Best Practices to Manage the Complexity of Multi-Vendor Cloud Environments "Portrait of an attractive young female doctor in white coat. Concept of coronavirus quarantine."

Organizations that choose to take advantage of public cloud services often find themselves with their resources spread amongst multiple vendors. This situation can arise for several reasons including:

  • The evolution of enterprise workloads and the search for the most cost-effective solutions;
  • Sprawl resulting from the ease with which departments can migrate systems;
  • New offerings not available from current vendors;
  • Simply being dissatisfied with a service or vendor and riding out the length of the contract.

Regardless of the underlying factors that led to a multi-vendor cloud environment, its management presents decision-makers and technical support staff with additional layers of complexity. Adopting a set of best practices will help organizations successfully implement a hybrid and multi-vendor computing environment. 

The following best practices will assist in the successful management of a multi-cloud environment.

  • Use hybrid cloud management tools - Make use of hybrid cloud management tools to address multi-cloud environments. These tools can provide features such as self-service functionality for end users, service aggregation, deployment orchestration, and cost management. 
  • Optimize costs across vendors - Companies should regularly review the comparative costs of their various vendors and be willing to migrate if a move is dictated by the economics. Cloud service brokers may be able to evaluate resources and suggest ways to optimize spending. 
  • Focus on disaster recovery and reliability - Recovering a diverse multi-cloud environment in a disaster scenario demands a well-planned and documented strategy. Leveraging cloud vendors may be possible by backing up resources from one to the other.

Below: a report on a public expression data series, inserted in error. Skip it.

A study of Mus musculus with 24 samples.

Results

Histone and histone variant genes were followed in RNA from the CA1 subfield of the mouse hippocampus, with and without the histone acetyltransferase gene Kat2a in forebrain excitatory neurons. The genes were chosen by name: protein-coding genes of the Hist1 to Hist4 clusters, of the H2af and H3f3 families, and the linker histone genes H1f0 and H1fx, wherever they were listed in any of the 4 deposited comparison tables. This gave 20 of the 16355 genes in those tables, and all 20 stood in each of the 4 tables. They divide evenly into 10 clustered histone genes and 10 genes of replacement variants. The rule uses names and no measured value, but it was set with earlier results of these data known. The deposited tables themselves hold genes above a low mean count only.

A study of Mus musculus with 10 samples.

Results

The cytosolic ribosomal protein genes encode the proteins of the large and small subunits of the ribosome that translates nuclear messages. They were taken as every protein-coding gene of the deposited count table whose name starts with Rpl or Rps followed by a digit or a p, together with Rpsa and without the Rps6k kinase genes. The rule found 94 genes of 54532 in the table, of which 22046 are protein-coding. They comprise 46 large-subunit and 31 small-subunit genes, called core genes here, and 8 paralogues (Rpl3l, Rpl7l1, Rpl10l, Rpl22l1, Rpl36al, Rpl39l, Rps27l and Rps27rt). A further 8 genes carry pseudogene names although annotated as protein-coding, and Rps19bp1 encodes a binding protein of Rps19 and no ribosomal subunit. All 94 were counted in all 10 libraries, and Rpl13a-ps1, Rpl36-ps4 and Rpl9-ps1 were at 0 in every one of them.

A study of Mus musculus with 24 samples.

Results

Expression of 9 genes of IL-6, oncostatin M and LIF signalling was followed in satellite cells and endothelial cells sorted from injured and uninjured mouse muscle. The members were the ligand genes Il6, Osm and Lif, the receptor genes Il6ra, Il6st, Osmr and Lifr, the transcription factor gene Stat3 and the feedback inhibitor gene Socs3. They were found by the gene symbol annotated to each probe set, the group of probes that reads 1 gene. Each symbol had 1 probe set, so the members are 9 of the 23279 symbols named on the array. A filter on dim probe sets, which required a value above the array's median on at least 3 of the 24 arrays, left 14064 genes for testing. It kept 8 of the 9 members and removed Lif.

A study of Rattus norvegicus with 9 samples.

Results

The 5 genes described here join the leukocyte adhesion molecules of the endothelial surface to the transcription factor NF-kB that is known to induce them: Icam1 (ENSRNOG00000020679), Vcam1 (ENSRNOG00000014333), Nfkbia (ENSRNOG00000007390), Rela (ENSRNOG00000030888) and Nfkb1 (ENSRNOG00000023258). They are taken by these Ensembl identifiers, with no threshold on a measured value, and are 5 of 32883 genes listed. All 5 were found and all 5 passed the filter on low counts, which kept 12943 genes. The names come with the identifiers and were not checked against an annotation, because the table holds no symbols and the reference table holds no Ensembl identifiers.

• Prioritize security and compliance - Ensuring data security and compliance is more challenging in multi-cloud implementations. Identity and access management (IAM) tools are necessary to ensure only authorized users can get to data resources. Customer and vendor roles regarding maintaining regulatory requirements need to be fully understood to avoid gaps and failed audits.  

Concentrating on these four areas will help organizations manage their multi-cloud environments.  

Using the Right Tools Matters

Commercial and open source software tools are available to assist in the management of multi-cloud environments. These applications focus on big picture items that affect the entire cloud infrastructure and help decision-makers identify the right solution from among the alternatives and keep the complex environment running smoothly. 

Morpheus is a commercial product providing integration and automation functionality across multiple clouds and on-premises environments. It is designed to facilitate compliance, cost optimization, and application modernization.  

OpenStack is an open source solution that offers a set of software components providing common services for cloud infrastructures. It enables large pools of cloud resources to be managed centrally through dashboards or APIs. 

On a more granular scale, dedicated tools can help minimize the strain on technical support teams when systems are spread across multiple on-premises and cloud platforms. A case in point is an application like Idera’s SQL Diagnostic Manager for SQL Server. It employs a unified interface from which to monitor SQL Server performance on physical and virtual machines located on-premises or housed with major cloud vendors. 

The potential benefits of multi-cloud environments can outweigh the challenges of dealing with their complexity. Following some basic best practices and deploying the right tools will enable organizations to take advantage of the offerings of multiple cloud vendors without incurring any undue risks. 



I am a freelance writer who graduated from Pace University in New York with a Computer Science degree in 1992. Over the course of a long IT career I have worked for a number of large service providers in a variety of roles revolving around data storage and protection. I currently reside in northeastern Pennsylvania where I write from my home office.